From improving the candidate experience to reducing costs, we explore the top recruitment challenges facing HR professionals today
Finding and hiring the right candidates for your organisation, at the right time, is a never-ending challenge for in-house recruiters and HR professionals. Macroeconomic factors certainly aren’t helping: UK unemployment fell by 65,000 to 1.36 million in the three months to June 2018, according to the Office for National Statistics (ONS) – the lowest figure for more than 40 years.
Uncertainty around Brexit is having an impact, too: two-thirds (66%) of employers surveyed for the August 2018 CIPD Labour Market Outlook reported that at least some vacancies are proving hard to fill, with a further 40% saying that it has become harder to fill positions during the past 12 months.
There are also perennial recruitment challenges that never seem to go away. Based on a 2018 report by the Corporate Research Forum (cited in a presentation by CognitionX), here are five of the top hiring challenges facing HR professionals right now – and ideas for how to solve them.
1. Building greater consistency between the candidate experience and the employee experience
Get either the candidate or the employee experience wrong and your organisation will undoubtedly have difficulty hiring and retaining talented people. If you’ve nailed the employee experience but overlooked how it feels for candidates to interact with your company, they won’t engage with the recruitment process and may well tell friends, family and peers about their poor experience with you – harming not only your chance of hiring great people in the future, but your reputation as an organisation, too.
Similarly, if you’ve created an ideal candidate experience – where the applicant feels engaged and valued at every stage – but you don’t put in the same amount of effort once they are on board, then these people you’ve worked so hard to hire won’t stay with you for long.
Treating your people in a consistently good way – regardless of whether they are applicants or employees – will improve your ability to hire and retain them. Start by compiling a list of what you believe are the hallmarks of a positive experience: these might include things such as open and transparent communications, autonomy, respect, and wellbeing support. Then assess every stage of your employee lifecycle: do your actions and initiatives support these characteristics? If they don’t, what changes can you make?
2. Improving onboarding
More than a quarter of employees are willing to quit a new job in the first 90 if they don’t find it satisfactory, according to a 2017 report by Robert Half & Associates – so it’s little surprise that HR professionals are keen to improve their onboarding processes.
It can be the small things that make a big difference – from making sure new starters meet their manager and teammates on their first day and having IT equipment properly set up, to ensuring new hires don’t spend their first days filling in endless HR forms, or even giving them a quick tour of the best local coffee shops. The important thing to remember is that every employee and role is different: some new starters will want to jump straight into their new job, while others might want to learn and observe first. Talking to new starters about their expectations, needs and wants will go a long way to making the onboarding process more enjoyable for them – and more successful for your organisation.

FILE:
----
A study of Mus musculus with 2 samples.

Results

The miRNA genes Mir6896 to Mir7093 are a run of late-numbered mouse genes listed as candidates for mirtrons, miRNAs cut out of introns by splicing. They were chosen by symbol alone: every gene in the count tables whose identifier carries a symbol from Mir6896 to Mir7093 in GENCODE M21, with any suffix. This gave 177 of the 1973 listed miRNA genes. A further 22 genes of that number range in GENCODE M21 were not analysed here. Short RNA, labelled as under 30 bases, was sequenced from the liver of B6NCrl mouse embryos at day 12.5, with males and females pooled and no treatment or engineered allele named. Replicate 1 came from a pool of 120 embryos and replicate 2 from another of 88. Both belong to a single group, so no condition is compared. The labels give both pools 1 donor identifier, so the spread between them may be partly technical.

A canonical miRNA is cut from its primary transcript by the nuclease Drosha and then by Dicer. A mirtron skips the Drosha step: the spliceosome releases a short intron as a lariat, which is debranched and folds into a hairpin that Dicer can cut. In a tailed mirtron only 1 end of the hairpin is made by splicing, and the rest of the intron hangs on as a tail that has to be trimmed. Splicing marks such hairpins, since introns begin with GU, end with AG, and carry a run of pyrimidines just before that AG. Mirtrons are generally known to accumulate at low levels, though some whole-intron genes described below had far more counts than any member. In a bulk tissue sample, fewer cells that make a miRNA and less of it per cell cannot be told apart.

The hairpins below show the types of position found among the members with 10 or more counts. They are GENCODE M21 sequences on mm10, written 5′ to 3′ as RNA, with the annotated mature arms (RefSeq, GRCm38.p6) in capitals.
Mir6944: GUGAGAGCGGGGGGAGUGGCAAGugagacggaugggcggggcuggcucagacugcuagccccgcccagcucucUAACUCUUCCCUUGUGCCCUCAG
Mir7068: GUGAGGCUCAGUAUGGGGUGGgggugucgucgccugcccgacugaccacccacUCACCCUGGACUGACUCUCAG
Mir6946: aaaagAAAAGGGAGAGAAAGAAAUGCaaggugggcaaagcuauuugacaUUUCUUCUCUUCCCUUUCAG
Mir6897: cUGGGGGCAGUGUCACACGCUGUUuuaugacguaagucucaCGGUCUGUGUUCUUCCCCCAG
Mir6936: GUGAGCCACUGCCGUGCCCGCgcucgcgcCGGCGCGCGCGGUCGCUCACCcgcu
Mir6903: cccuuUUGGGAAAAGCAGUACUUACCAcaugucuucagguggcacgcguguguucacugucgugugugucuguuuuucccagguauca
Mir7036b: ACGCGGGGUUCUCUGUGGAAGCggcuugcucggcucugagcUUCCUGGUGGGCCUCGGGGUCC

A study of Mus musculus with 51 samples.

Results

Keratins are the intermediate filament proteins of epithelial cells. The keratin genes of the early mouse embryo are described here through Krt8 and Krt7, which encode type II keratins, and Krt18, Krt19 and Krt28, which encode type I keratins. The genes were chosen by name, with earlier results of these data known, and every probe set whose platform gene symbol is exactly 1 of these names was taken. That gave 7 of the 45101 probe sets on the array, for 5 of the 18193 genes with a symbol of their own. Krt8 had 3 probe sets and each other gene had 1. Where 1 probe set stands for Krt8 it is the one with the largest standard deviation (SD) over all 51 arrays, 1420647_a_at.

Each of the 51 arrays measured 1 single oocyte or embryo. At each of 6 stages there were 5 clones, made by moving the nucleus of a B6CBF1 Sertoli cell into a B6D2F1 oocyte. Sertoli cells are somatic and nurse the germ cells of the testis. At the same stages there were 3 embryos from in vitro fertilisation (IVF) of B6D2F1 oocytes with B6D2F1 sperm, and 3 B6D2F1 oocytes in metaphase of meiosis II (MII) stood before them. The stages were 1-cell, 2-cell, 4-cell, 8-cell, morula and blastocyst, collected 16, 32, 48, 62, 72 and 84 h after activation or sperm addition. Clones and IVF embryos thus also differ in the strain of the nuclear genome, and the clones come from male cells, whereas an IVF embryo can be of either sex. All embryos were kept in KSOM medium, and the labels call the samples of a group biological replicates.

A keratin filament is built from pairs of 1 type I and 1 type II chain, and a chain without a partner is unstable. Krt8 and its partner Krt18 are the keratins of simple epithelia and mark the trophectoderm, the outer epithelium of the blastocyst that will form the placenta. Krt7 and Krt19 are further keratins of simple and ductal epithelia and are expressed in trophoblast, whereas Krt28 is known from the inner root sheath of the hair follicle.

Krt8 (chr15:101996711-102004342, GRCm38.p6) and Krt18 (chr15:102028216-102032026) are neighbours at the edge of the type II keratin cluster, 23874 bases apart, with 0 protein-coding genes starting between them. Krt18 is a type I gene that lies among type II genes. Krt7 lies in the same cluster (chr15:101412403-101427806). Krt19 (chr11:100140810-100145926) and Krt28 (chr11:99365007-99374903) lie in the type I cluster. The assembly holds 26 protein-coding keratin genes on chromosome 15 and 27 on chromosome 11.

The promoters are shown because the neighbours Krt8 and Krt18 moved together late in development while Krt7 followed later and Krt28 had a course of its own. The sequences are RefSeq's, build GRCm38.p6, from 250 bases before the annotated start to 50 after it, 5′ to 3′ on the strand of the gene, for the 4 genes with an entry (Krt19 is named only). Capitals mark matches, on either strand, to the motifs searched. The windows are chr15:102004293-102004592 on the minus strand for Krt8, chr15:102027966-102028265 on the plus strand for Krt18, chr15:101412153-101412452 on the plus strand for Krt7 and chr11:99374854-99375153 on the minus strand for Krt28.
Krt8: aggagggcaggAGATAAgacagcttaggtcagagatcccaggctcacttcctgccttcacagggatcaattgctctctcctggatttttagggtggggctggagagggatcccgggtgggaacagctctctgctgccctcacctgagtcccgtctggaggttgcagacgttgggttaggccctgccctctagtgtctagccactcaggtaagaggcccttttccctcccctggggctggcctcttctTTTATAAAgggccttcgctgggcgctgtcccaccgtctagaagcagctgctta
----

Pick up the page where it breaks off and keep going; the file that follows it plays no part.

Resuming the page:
3. Reducing cost
HR budgets were expected to decline by 0.7% in 2018, according to a report by The Hackett Group, leaving many departments with the prospect of doing more with less money. More than half (51%) of respondents to the survey said they will try to use technology to improve the efficiency and effectiveness of HR and talent management services this year.
Investing in a secure, modern and intuitive applicant tracking system (ATS) can make a significant difference to the efficiency of your hiring processes – saving you valuable labour time and enabling you to redeploy resources elsewhere.
4. Shifting assessment criteria towards the capabilities required for future organisational success
With the world of work changing so rapidly, there’s little point focusing solely on the tasks that candidates will need to do in the immediate future – they will need transferable skills, and ‘softer’ attributes that will enable them to not only cope, but thrive, when circumstances and roles change.
Psychometrics tests and even gamified evaluations can help recruiters spot the star employees of the future.
5. Improving the candidate experience
If you want to successfully tackle the first challenge on our list (see above), you’ll probably need to work on improving your candidate experience first. A good place to start is the ‘seven deadly sins of recruiting’, published by Jennifer Kim in 2017. They are:
- Not responding to candidates
- Not being prepared for interviews
- Ignoring data and metrics
- Allowing hiring managers to take the lead – especially if their views are in opposition to your HR expertise
- Not training your interviewees – especially around the risk of unconscious bias
- Trying to convince a candidate to take a job when you know it’s not the right fit for them
- Not putting the candidate at the heart of your hiring process
Even if you only make headway on half of these points, you’ll make a significant difference to candidates’ experience with you as an organisation – and greatly improve your ability to hire the right people.